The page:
Phillip Geissler

The Aldo DeBenedictis Distinguished Professor of Chemistry

email: geissler@berkeley.edu
office: 207 Gilman Hall
phone: (510) 642-8716
fax: (510) 643-5623
lab: Pitzer Center
lab phone:  (510) 643-1018
student/post doc office: 16 Gilman Hall

Research Group
Recent Publications


Research Interests

Theoretical Chemistry

This image depicts examples of structures observed in experiments (upper panels of b and d) and predicted by a reduced model of nanocrystal self-assembly.

The image depicts examples of structures observed in experiments (upper panels of b and d) and predicted by a reduced model of nanocrystal self-assembly.

Our research concerns the microscopic behavior of complex biological and material systems. Using the tools and concepts of statistical mechanics, we develop theories and simplified models for chemical phenomena in condensed phases, for biomolecular structure and dynamics, and for the role of fluctuations in nanoscale materials.  We also use and devise techniques of modern computer simulation to investigate such systems on molecular length scales.  We interact closely with experimental research groups both to inspire and to be inspired by state-of-the-art studies of real physical systems. Among our current interests is the elasticity of disordered networks of semiflexible polymers.  Specifically, we are constructing models for the polymeric framework of living cells, which can exhibit dramatic dynamical restructuring.  Explaining the microscopic origins of this sensitive response is an essential step in understanding mechanical aspects of cell signaling.  A second interest is the dynamics of nanometer-sized solutes in a liquid undergoing phase change.  We aim to determine how nonequilibrium fluctuations in such a system can be exploited to guide the spontaneous formation of useful patterned assemblies.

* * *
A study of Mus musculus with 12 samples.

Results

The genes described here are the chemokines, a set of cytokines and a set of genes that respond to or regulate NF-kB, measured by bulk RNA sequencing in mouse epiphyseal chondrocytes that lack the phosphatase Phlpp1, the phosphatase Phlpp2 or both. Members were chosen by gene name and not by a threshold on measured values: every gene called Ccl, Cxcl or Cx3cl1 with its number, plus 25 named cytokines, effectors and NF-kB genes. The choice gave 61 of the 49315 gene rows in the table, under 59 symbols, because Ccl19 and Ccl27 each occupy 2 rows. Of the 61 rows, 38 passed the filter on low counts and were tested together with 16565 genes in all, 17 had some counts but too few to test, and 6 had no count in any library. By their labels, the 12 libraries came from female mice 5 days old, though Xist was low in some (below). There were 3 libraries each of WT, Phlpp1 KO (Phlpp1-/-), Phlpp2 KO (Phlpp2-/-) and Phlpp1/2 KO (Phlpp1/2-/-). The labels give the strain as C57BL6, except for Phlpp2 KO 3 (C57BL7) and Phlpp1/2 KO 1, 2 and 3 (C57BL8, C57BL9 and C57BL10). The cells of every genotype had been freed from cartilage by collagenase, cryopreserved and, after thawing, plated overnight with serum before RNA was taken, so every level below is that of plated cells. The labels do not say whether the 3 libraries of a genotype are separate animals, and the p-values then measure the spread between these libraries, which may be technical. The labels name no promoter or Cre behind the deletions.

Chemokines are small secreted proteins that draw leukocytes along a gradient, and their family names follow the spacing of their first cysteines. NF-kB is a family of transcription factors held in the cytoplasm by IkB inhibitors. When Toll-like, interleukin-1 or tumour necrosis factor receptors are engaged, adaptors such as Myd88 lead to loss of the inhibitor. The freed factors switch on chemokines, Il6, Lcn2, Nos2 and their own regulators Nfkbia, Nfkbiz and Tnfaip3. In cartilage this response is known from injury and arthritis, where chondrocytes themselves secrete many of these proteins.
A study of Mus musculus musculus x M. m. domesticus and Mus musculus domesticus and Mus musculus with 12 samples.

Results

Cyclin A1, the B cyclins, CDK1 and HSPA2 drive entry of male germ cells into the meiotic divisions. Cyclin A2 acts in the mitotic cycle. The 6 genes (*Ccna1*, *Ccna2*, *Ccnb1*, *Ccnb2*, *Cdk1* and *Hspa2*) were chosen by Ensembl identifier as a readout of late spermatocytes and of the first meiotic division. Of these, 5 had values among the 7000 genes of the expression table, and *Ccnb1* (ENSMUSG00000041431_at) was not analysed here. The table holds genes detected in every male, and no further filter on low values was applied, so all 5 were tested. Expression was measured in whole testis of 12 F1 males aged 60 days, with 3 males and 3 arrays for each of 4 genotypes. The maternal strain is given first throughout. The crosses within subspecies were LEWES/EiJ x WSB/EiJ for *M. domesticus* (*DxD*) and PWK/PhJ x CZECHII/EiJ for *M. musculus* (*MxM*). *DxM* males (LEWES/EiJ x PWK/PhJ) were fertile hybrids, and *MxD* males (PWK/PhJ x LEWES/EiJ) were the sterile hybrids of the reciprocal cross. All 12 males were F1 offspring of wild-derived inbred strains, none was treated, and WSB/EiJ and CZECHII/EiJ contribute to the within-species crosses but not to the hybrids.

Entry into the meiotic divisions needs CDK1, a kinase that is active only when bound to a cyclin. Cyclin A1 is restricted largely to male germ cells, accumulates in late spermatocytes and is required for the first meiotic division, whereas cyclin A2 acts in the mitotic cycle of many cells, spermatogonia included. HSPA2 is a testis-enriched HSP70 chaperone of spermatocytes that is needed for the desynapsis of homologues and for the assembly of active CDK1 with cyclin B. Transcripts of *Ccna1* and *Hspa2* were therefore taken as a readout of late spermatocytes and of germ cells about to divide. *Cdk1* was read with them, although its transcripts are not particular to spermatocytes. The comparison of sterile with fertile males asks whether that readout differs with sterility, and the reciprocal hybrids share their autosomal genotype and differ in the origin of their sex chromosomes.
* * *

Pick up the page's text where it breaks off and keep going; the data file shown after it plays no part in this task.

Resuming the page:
Biography

B.A. Cornell University (1996); Ph.D. University of California, Berkeley (2000); NSF Predoctoral Fellow; Berkeley Fellow; Postdoctoral Fellow, U. C. Berkeley (2000) Berkeley; Postdoctoral Fellow, Harvard University (2001-2002); M.I.T. Science Fellow (2002-2003); Packard Fellowship (2005-present); Sloan Fellowship (2006-present); Department of Chemistry Teaching Award (2005-2006); Hellman Family Faculty Fund Award (2006-present); UC Berkeley Distinguished Teaching Award (2011).